After the very successful backsweetening of batch 4, I’m going to try another method of obtaining a sweet cider. That is, I’m going to push the ABV higher than the yeast can survive. I’ll be using Nottingham Ale yeast, as it has a lower max ABV than EC-1118s.
So the OG of my starter tends to be around 1.050. That produces a cider that is ~5.5% ABV. The max ABV of Nottingham Ale yeast was hard to find, but seems to be around 14% (which is high for a beer/ale yeast). In order to maintain some sweetness, I’m going to aim for enough sugar to make 18% ABV if it was all fermented.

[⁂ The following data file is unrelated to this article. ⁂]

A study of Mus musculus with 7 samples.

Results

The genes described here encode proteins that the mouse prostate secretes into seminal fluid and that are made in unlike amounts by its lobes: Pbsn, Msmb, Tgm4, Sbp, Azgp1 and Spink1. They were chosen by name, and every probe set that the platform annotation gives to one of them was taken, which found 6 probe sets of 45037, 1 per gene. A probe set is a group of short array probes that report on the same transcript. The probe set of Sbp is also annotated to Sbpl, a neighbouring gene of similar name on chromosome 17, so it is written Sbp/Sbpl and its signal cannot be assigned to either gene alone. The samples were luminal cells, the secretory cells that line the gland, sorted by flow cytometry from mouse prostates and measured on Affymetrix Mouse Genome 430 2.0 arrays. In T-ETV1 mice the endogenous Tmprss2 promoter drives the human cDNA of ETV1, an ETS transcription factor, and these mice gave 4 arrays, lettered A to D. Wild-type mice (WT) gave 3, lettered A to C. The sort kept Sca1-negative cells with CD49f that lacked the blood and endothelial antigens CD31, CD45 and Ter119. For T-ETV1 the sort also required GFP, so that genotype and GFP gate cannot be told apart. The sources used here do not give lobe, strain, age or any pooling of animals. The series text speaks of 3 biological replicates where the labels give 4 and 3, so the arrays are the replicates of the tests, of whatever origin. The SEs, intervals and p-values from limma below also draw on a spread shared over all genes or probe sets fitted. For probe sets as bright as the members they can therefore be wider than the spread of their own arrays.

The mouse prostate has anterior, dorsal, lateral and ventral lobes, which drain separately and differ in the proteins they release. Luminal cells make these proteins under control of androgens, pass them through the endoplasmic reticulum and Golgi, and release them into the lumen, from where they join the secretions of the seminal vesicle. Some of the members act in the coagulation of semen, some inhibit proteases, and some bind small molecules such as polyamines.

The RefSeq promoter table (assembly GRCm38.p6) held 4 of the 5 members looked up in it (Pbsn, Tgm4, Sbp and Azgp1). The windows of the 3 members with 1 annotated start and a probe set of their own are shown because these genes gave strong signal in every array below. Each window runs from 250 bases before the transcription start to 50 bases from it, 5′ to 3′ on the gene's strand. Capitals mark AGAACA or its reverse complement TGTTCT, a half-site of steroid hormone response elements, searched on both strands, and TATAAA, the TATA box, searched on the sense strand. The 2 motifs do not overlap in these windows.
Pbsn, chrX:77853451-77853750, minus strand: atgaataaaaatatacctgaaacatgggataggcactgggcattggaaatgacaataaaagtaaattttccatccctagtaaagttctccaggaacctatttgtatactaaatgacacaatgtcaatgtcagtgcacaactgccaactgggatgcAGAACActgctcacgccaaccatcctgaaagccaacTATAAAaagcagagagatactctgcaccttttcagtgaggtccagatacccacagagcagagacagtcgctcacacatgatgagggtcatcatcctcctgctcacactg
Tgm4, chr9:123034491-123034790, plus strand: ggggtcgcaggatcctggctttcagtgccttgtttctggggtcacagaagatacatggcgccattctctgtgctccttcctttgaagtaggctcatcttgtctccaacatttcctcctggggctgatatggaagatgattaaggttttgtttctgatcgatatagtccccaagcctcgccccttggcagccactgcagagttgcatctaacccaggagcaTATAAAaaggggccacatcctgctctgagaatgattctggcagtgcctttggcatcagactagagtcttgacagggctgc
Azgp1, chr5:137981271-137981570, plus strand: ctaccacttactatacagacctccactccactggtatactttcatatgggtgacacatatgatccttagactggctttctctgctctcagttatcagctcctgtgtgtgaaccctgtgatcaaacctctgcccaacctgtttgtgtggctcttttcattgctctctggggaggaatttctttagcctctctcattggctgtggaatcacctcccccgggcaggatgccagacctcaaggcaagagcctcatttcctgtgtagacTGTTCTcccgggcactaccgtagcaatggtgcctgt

From this site and other sources, it sounds like each pound of sugar adds 0.046 to the gravity. In order to get 18%, I need an OG of 1.133 that ferments until dry. Except my cider will ideally ferment until 1.040-1.050 or so to reach ~14% alcohol and have some residual sweetness. To reach an OG of 1.133 however, I need to add 3 pounds of sugar. Oh boy.
I’m definitely going to have to heat up my cider as I mix in sugar to create a super-saturated solution. Its going to be quite interesting, as thats A LOT of sugar for a single gallon.
My main concern is actually going to be headspace. I’m guessing the yeast will go CRAZY over this amount of sugar. I probably should be using a blow-off tube, but I think I’ll increase the headspace a bit and simply keep an eye on it.
This batch will probably better be described as an apple wine rather than a cider. I’m excited to see how it turns out though. Especially when comparing the sweetness to that of batch 4.